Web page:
Trial to begin for ex-Wall Street trader likened to Big Bad Wolf
NEW YORK — A judge presiding over the civil trial of a former Goldman Sachs trader accused of misleading investors about the true prospects of their bet on a package of mortgage-based securities has summed up the charges against him with a fairy tale, saying it's as if he's accused of handing Little Red Riding Hood an invitation to grandmother's house while concealing the fact the invitation was written by the Big Bad Wolf.
In the case against Fabrice Tourre, U.S. District Judge Katherine B. Forrest says the victims weren't to be “hooded children but rather large financial institutions, operating in a dog-eat-dog world.”
His trial will open on Monday.
The charges stem from a group of mortgage-based securities that were marketed in early 2007 when Tourre worked for Goldman Sachs as a vice president. Tourre was born in France and moved to the United States in 2000 to study at Stanford University.
The Securities and Exchange Commission accused Tourre in an April 2010 lawsuit of making misstatements and omissions to investors in a portfolio of 90 subprime and midprime residential mortgage-backed securities.
In an effort to clear its name, Goldman Sachs released private emails that Tourre had sent to his girlfriend in 2007 using his office account. Amid the sweet talk were frank assessments of an industry that was about to collapse.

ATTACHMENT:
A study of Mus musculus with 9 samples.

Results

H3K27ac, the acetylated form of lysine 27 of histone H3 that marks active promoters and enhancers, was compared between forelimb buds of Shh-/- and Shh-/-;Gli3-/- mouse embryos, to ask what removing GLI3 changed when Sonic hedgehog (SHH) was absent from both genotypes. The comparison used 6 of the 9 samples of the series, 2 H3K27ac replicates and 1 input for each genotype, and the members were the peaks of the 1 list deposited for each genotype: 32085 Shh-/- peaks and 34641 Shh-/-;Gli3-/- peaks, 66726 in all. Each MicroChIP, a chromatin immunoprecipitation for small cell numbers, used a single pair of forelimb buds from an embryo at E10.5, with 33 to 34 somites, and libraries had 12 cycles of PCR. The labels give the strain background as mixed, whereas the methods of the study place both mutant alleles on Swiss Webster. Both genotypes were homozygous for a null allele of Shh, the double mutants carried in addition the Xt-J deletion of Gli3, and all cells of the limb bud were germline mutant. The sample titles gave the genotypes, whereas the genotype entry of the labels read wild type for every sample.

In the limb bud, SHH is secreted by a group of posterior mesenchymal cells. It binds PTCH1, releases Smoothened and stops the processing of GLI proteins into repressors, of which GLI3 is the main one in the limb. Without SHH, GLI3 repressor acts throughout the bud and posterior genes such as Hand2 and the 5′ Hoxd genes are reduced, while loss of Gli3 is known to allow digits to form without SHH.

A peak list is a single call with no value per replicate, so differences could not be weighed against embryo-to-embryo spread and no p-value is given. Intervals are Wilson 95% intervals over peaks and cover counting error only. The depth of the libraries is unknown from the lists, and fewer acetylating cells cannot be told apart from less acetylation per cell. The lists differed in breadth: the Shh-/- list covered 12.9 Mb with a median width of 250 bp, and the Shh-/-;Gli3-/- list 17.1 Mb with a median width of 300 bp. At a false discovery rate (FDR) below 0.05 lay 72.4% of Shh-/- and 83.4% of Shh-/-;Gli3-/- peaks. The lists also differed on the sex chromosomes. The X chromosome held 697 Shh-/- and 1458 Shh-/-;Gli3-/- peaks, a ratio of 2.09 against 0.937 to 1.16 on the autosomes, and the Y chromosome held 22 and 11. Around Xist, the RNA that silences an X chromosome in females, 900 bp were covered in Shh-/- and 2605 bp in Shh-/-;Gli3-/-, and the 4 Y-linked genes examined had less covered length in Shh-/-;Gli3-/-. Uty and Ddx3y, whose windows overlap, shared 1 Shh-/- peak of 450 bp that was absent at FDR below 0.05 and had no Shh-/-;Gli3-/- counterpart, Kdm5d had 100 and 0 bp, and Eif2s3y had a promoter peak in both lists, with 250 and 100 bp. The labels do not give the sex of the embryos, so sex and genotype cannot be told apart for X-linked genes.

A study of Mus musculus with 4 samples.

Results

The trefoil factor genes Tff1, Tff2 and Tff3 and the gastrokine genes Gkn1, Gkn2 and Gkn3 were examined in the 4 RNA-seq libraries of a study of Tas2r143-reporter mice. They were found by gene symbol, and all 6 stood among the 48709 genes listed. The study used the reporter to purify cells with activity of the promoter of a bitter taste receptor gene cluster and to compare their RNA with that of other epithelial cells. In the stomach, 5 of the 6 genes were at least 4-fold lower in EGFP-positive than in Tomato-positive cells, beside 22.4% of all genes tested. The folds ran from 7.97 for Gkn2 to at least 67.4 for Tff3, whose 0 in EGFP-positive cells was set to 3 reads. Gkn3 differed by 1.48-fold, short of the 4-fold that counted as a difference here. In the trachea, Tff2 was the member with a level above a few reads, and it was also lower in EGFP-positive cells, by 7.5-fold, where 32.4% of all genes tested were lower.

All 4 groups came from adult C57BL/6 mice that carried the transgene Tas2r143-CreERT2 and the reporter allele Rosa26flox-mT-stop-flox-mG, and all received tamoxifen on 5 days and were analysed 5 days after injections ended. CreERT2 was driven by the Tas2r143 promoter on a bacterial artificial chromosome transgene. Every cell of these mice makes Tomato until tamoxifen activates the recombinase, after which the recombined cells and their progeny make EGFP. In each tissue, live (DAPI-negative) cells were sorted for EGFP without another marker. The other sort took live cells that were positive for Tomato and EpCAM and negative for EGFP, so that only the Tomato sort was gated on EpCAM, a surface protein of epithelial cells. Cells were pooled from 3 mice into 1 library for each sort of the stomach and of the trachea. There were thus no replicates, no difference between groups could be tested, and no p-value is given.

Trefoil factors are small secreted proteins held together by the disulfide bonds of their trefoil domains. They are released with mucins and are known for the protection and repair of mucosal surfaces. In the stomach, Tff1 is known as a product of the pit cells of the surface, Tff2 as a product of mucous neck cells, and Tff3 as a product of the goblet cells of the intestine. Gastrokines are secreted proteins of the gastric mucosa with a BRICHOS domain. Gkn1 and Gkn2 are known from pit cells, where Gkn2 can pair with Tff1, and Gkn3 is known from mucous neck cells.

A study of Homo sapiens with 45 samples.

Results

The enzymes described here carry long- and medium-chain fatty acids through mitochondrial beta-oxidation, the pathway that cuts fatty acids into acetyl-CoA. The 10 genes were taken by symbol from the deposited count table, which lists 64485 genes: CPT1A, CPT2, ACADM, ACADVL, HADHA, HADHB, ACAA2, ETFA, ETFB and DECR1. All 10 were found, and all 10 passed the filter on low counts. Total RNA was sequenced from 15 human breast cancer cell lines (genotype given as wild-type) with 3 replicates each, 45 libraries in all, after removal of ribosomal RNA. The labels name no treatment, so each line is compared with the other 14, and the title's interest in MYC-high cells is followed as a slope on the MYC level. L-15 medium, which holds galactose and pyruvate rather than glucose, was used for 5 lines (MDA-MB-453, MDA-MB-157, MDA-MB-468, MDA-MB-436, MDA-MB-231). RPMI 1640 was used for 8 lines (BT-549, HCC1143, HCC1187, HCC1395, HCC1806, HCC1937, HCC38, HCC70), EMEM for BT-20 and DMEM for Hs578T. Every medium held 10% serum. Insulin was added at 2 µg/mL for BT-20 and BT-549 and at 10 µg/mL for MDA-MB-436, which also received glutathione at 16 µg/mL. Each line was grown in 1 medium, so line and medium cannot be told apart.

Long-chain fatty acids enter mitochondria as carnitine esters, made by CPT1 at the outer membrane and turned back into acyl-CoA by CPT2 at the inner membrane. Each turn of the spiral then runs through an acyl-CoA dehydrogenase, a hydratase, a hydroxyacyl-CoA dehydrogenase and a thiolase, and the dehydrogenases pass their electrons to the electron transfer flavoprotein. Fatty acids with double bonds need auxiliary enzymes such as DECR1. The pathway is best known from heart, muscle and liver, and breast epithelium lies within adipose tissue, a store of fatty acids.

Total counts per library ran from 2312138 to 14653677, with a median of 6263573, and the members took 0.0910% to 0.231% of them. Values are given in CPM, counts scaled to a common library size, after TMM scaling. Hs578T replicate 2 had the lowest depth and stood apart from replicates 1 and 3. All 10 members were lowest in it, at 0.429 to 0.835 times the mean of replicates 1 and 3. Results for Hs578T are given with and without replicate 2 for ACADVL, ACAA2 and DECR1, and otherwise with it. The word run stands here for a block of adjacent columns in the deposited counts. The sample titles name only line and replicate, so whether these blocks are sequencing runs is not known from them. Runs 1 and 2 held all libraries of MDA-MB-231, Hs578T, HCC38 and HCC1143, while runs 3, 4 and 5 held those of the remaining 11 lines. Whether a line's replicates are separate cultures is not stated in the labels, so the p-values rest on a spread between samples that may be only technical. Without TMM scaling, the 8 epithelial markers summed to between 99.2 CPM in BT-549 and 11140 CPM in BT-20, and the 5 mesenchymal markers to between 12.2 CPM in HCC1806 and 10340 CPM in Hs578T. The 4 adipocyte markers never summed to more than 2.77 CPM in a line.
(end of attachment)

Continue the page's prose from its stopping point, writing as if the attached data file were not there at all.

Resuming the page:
The mortgage “business is totally dead, and the poor little subprime borrowers will not last so long!!!,” Tourre wrote in March 2007.
“Managed to sell a few abacus bonds to widows and orphans that I ran into at the airport,” he said in June, describing one of Goldman Sachs's Collateralised Debt Obligations, tied to the performance of subprime mortgage-backed securities.
The charges accuse Tourre of making false and misleading statements and aiding false statements and material omissions by his employer. The SEC sought a declaration that Tourre had violated securities laws, along with a disgorgement of profits and unspecified penalties and damages.
In July 2010, Goldman Sachs settled charges brought against it, agreeing to pay $550 million. It still faces private litigation in the matter, including a federal securities class-action lawsuit.